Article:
Community Management: Part Cheerleader, Part Customer Service Expert
Providing assistance in customer service issues is just one way that the community manager needs to wear multiple hats. Through social media management, the community manager can be the nurturer, the brand evangelist, the customer advocate, the cheerleader, and the sometimes forgotten customer service representative. Of course, it is always great to be dealing with positive stuff on the brand’s page, but unfortunately that is not always the reality.
Dealing with customer service requests are great opportunities for a company to showcase its ability to build and create a community; on the other hand, it can have adverse results if handled incorrectly. By ignoring or handing situations poorly, you are allowing negative word-of-mouth messaging or online “vigilantes” to steal from your brand value, which is the kind of thing that is a social media nightmare to deal with.
To deal with these types of requests and issues, it is important to always have an action plan ready before a situation arises. By being prepared, you will have the tools you need, as a community manager, to quickly solve the problems.
If the front line community manager is not from the customer service organization and does not have first hand access to the files and account information necessary to address customer issues directly, having a pre-arranged support system in place to support them is imperative. Providing real-time support and assistance is an aspect of social media that is often forgotten. Businesses that can excel at that will stand far above those that don’t.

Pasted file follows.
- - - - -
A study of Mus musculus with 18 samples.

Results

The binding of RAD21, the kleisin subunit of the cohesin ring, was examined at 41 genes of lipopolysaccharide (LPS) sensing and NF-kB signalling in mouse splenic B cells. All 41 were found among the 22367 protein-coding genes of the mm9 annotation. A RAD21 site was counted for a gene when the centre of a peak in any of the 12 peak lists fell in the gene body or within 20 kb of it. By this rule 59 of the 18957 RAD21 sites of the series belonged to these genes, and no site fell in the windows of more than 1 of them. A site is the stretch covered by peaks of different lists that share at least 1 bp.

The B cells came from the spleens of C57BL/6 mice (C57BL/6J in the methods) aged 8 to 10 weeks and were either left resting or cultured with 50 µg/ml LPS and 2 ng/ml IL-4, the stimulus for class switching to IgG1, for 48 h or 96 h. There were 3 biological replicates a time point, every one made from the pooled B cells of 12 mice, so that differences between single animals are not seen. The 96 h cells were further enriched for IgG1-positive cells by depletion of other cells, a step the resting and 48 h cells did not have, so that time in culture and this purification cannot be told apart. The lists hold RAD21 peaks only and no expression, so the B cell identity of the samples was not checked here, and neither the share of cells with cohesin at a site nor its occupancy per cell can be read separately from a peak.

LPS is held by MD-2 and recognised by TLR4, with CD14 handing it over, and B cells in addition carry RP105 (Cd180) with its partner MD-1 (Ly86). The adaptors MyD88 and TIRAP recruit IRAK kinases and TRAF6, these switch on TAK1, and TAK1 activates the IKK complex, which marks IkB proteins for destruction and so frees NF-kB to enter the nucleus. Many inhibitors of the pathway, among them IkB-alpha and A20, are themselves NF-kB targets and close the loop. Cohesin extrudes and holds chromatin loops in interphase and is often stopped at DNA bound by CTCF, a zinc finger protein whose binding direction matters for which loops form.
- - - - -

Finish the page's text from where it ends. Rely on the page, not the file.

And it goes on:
Having a presence online and engaging in conversations means actually listening and taking fan feedback to the company to continue to better the fan’s experiences. Marketing and PR issues are great fun when your community appreciates the valuable information you’ve added and interesting content you provide, but many of those great engagement moments are lost when the community is overrun with negative comments and unanswered customer service inquiries.
Having a passion for assisting others and finding solutions is one of the best attitudes and mentality for a community manager. By being on the lookout for potentially negative situations before they escalate is a great way to sidestep negative word-of-mouth and comments. By providing value to these online conversations, the community manager is working to solve customer service inquiries and comments. A marketing message is not enough for online communities. The community needs to be an engaging marketing channel; by being a liaison between the customer and the brand to acknowledge and actively listening for situations, providing feedback to the brand, and making things right with the customer.
A great sign of a positive community is when the community begins to monitor itself. Brand advocates will begin answering questions based on their own experiences. Often the brand advocates message is more readily accepted because it is not coming directly from the brand and does not seem like a “canned” response.
Whether the community manager is able to solve the issue through private messaging or pass the concern onto a representative, starting the conversation on a social network provides an experience that will increase brand loyalty. Showcasing a concern for customer servicerelated inquiries would also have an impact on other fans, thereby causing an increase in engagement and retention.
Check out Annalise Kaylor’s blog post about why community management shouldn’t be just handed over to interns anymore. The community manager needs to have a variety of skills and tools ready to utilize when needed in solving difficult situations and inquires.